In the light of Nadine Dorries’ plans to require “independent” organisation to consult with pregnant women, I’d like to point out the true facts of abortion and sex education in the UK and across the world. These are facts that the religious “independent” organisations seem to ignore and the same for many in the so-called Conservative Christian Fellowship.
Here are some facts about abortion and sex education.
- Each year, 20 million abortions take place in unsafe conditions and as a consequence, an estimated 80,000 women die
- Late abortions are extremely rare but necessary – less than 1 per cent are carried out after 22 weeks
- Abortion is very safe in Britain and is one of the most commonly performed gynaecological procedures. Complications are extremely rare; carrying a pregnancy to term is more risky.
- Contrary to assertions by the anti-choice lobby, medical research consistently shows that women who have had an abortion have no greater risk of breast cancer than those who have not.
- One in five of all pregnancies ends in a natural abortion.
- Abortion laws in the UK are more restrictive than in almost every other European country, where abortion on request is legal in the first three months of pregnancy
- Sex education is not a compulsory module in secondary schools in England and Wales
- Studies have shown that comparisons between countries where abortion is legal and illegal that they have almost no difference in the actual level of abortions that take place, the only difference being, it’s far more dangerous in the illegal countries
- “Abstinence-only-until-marriage works.”-The Council of Scientific Affairs states that ”Current research findings do not support the position that the abstinence-only approach to sexuality education is effective in delaying the onset of intercourse.”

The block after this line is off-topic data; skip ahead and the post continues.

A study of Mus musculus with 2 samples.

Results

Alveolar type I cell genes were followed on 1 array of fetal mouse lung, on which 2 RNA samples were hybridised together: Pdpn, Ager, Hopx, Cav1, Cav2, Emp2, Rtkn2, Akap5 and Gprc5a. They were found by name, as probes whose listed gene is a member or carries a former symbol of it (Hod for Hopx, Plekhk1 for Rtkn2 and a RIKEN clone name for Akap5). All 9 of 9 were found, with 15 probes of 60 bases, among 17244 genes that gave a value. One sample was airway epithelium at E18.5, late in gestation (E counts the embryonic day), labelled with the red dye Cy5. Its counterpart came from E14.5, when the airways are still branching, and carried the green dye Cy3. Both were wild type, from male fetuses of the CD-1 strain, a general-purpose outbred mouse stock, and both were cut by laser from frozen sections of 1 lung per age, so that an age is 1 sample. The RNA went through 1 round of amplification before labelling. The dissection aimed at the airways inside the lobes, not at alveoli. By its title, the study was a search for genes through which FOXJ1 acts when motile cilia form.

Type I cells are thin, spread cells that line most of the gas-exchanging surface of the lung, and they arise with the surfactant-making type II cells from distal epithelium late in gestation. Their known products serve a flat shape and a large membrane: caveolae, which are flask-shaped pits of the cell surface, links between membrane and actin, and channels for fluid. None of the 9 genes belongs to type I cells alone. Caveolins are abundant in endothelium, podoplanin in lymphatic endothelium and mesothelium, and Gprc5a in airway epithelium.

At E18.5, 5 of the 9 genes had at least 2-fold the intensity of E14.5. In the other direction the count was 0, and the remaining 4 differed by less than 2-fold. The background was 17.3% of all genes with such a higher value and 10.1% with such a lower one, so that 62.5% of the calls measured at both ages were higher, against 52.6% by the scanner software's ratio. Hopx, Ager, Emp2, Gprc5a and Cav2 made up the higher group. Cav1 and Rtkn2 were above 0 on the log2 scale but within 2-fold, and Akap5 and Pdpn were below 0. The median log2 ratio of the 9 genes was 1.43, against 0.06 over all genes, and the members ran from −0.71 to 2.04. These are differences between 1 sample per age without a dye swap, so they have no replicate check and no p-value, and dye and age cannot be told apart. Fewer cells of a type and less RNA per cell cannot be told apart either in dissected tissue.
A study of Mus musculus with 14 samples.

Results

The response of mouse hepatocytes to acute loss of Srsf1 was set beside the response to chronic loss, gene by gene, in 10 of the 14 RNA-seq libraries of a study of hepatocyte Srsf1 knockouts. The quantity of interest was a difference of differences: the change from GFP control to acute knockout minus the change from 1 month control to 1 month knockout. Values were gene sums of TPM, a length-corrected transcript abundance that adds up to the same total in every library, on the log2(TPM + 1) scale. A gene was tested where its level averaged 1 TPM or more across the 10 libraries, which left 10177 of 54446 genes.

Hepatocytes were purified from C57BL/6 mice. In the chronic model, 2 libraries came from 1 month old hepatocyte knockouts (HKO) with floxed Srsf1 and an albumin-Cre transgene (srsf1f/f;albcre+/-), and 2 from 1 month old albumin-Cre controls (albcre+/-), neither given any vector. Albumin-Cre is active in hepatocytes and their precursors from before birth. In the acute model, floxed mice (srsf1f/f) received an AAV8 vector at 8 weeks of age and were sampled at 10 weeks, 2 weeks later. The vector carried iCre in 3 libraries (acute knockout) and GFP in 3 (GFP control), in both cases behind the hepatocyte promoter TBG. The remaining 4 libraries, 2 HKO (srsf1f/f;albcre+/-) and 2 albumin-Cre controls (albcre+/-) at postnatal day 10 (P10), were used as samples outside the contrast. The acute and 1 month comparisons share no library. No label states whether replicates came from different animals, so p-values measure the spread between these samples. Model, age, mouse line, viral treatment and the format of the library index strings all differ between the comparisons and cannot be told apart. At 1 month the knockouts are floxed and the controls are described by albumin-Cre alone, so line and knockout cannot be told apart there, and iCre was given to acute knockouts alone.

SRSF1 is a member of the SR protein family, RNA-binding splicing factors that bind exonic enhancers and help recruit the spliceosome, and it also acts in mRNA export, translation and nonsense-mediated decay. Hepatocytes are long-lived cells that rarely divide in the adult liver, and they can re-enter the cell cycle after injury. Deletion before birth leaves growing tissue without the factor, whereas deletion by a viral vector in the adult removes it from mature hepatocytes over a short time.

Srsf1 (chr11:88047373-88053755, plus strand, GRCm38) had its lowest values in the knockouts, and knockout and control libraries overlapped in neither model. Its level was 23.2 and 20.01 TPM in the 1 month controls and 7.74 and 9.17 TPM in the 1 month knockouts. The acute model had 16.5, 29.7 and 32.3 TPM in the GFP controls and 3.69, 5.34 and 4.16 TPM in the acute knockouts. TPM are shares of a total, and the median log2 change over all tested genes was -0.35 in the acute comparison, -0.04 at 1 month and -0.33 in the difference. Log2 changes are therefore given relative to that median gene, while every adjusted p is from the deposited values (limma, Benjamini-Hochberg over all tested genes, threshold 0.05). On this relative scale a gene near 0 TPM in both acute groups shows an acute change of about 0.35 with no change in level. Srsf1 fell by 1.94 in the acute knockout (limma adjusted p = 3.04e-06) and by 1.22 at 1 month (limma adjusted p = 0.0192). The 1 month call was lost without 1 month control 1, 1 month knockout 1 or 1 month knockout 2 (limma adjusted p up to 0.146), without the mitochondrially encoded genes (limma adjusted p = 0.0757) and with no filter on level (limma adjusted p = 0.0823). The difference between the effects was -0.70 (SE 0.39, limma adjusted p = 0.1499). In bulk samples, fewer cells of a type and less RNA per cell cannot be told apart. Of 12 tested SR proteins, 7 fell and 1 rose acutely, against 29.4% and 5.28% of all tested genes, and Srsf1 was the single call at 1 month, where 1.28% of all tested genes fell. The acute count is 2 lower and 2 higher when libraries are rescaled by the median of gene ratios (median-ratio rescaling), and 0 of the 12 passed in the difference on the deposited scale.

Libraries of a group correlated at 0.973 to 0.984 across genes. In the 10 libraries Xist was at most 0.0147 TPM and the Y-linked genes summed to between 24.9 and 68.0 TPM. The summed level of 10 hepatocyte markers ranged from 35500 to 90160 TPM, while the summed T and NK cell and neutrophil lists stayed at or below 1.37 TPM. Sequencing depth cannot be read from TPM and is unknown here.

- “Sex education encourages students to become sexually active at younger ages.”-The World Health Organization reviewed evaluations of 47 programs in the United States and other countries. In 15 studies, sex and HIV/AIDS education neither increased nor decreased sexual activity and rates of pregnancy and STI. However, in 17 studies, HIV and/or sex education delayed the onset of sexual activity, reduced the number of sexual partners, and/or reduced unplanned pregnancy and STI rates.
- “Teaching students about contraception encourages sexual activity and increases the chance of teenage pregnancy.”-Expert panels that have studied this issue have concluded that comprehensive sex and HIV/AIDS education programs and condom availability programs do not increase sexual activity and can be effective in reducing high-risk sexual behaviors among adolescents.
- “Contraceptives fail so frequently that we should only teach teens to abstain.”-Modern contraceptives are highly effective. The percent of women experiencing pregnancy within one year ranges from 0.03 percent using Depo-Provera to nine percent using the cervical cap ( with perfect use). Even imperfect use protects women far better than does using no protection. Rates of pregnancy with imperfect use range from 0.03 percent using Depo-Provera to 21 percent using the female condom compared to 85 percent of women using no protection.
- “Contraceptives do not protect against HIV and other sexually transmitted infections.”-Other than total sexual abstinence, only condoms currently provide significant protection against HIV and other STIs. That is why good programs educate students about the importance of condoms.
- “Condoms have a high failure rate.”-The National Institutes of Health (NIH) confirms that condoms are very effective in affording protection against HIV and unwanted pregnancy. The NIH also reports that laboratory studies show that condoms can afford good protection against discharge diseases, such as gonorrhea, chlamydia, and trichomoniasis.